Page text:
Washington beer adventure: The Fresh Hop Festival in Yakima
written by Jackie Dodd
It started with the best of intentions, as most things do. A campsite near the Fresh Hop Festival in Yakima would make a great home base for a weekend of beer and overindulgence. It didn’t turn out quite as expected, and in some ways that was the best part.
After a late arrival Friday night, we stumbled out of our respective tents early Saturday morning as the sun was just starting to chase the chill from the air. As the smell of fresh coffee and stale beer filled the air, a sheriff’s car pulled up near our campsite. “Have you seen this man? He’s wanted,” the deputy asked, holding up a black-and-white mugshot printed on cheap paper. As we stared at the image of a shaved-head man, I noticed three more deputies walking in lockstep to other camps. “Does this have to do with the freshly dug grave?” One of the men at our campsite had heard a rumor the night before. He’d blown it off as exaggeration until this very moment. “All I can tell you is that he’s wanted and last spotted in this campground,” the deputy replied. After confirming that the unnamed man was both armed and dangerous, he left us to wallow in the regret of our decision to camp.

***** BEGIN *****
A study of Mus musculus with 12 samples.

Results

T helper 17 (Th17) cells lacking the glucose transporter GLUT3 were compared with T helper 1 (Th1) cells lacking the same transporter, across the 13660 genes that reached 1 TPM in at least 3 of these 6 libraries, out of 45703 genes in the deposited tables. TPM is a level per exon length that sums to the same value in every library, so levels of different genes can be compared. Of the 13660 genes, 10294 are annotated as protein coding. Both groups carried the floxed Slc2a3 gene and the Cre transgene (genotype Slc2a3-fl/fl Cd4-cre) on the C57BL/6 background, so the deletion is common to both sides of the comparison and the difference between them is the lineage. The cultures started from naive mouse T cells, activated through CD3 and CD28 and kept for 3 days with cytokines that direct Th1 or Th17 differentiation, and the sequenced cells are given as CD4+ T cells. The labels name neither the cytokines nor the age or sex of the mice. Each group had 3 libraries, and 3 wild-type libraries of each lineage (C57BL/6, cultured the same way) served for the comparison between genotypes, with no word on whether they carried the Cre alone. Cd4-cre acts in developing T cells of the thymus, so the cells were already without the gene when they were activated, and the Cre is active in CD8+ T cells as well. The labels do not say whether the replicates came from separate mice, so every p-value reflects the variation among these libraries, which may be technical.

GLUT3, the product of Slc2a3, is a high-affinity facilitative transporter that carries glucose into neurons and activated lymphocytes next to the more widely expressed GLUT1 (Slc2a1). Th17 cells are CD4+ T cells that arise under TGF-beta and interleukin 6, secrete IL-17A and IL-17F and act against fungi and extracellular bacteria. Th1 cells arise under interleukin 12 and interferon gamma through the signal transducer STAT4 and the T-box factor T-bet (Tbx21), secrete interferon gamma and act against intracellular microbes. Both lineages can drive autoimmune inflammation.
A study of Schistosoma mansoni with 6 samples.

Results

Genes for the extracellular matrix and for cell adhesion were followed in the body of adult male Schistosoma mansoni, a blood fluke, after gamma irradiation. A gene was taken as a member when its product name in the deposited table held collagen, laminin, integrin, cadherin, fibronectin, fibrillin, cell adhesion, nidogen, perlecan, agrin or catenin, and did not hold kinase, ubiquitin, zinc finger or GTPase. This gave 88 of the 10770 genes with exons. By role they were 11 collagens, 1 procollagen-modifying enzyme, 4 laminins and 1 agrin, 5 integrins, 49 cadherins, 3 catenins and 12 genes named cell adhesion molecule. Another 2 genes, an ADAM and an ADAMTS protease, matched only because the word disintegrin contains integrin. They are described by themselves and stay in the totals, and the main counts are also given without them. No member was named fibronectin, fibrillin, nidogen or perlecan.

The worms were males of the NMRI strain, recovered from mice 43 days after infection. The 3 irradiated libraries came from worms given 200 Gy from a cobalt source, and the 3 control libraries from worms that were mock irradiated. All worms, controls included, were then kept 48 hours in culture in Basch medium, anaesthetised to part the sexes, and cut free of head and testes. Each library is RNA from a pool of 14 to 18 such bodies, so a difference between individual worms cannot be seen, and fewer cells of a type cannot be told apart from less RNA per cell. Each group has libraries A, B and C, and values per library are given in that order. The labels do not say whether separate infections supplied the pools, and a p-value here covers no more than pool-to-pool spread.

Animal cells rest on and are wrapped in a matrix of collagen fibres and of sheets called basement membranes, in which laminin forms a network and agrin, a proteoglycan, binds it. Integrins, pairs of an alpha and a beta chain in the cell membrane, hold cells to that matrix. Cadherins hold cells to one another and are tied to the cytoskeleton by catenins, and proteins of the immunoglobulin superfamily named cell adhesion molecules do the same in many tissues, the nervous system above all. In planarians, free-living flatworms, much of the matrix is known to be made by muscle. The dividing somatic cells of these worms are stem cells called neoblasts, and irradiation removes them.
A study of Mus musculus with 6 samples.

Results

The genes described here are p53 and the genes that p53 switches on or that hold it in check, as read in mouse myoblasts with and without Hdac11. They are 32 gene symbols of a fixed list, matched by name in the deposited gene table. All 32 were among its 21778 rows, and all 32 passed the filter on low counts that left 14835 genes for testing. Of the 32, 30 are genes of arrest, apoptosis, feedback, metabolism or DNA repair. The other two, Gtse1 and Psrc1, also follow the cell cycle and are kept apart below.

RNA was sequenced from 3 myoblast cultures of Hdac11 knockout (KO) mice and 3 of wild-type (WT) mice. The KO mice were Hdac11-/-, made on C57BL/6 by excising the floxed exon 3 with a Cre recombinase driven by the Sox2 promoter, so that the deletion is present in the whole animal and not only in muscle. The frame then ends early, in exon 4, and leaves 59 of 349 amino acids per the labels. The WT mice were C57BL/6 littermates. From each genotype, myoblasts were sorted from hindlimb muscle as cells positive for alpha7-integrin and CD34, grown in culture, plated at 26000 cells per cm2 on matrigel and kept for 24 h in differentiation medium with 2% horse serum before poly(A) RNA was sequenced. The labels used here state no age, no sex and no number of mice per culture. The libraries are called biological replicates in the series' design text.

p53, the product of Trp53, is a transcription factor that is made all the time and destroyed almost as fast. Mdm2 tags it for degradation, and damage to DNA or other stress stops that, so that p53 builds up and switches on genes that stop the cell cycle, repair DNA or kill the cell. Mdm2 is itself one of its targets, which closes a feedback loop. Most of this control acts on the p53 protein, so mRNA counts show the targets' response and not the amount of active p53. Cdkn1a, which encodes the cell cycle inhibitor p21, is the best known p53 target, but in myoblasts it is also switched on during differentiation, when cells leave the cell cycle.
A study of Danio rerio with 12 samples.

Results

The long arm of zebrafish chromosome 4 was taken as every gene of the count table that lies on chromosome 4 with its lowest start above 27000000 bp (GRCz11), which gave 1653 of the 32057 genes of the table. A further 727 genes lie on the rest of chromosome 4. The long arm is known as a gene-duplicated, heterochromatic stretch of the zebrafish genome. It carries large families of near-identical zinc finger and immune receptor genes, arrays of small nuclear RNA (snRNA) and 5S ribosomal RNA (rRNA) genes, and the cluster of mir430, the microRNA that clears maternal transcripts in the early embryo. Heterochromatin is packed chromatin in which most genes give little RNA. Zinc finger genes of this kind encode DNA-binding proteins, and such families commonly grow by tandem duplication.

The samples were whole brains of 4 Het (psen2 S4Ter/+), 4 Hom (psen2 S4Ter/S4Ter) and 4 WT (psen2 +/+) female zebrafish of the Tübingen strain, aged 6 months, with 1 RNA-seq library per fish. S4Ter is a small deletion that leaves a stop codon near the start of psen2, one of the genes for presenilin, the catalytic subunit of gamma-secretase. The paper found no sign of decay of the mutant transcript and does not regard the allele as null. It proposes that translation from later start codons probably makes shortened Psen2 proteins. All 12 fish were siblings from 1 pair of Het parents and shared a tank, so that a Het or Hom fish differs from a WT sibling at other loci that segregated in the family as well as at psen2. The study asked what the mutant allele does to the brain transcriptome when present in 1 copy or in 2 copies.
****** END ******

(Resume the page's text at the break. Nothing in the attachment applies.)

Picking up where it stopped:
In that moment I remembered a conversation I’d had with a friend who owns a gorgeous hops field—Morrier Ranch—just down the street from Bale Breaker Brewery, less than 2 miles away. She’d offered to let us camp at her place, on the edge of the hop field.
A few frantic texts later, the invitation was renewed and the decision was made: we’d spend Fresh Hop Fest camping, yes, but camping on the edge of a hops field. The sunny Saturday afternoon spent setting up tents in the expansive field dissolved into an evening at Yakima’s Fresh Hop Fest. The festival was exactly what we wanted in every way—people we knew from the beer industry excited to see each other in the wild, pint after pint of beer infused with the lovely lupulin oils that only comes from beer brewed with hops right off the bine, and the safety of knowing we wouldn’t be sharing a campsite with a wanted man.
We returned to “camp” to find a raging campfire surrounded by people who love hops as much as we do, ready to share more beer and nearly endless laughs. What could have been a disaster turned into an unforgettable weekend due to the simple generosity of a hop farmer. After all, that’s what beer is—a community. We stick together, we help each other out, we do what we can when we can. Thank God for beer people.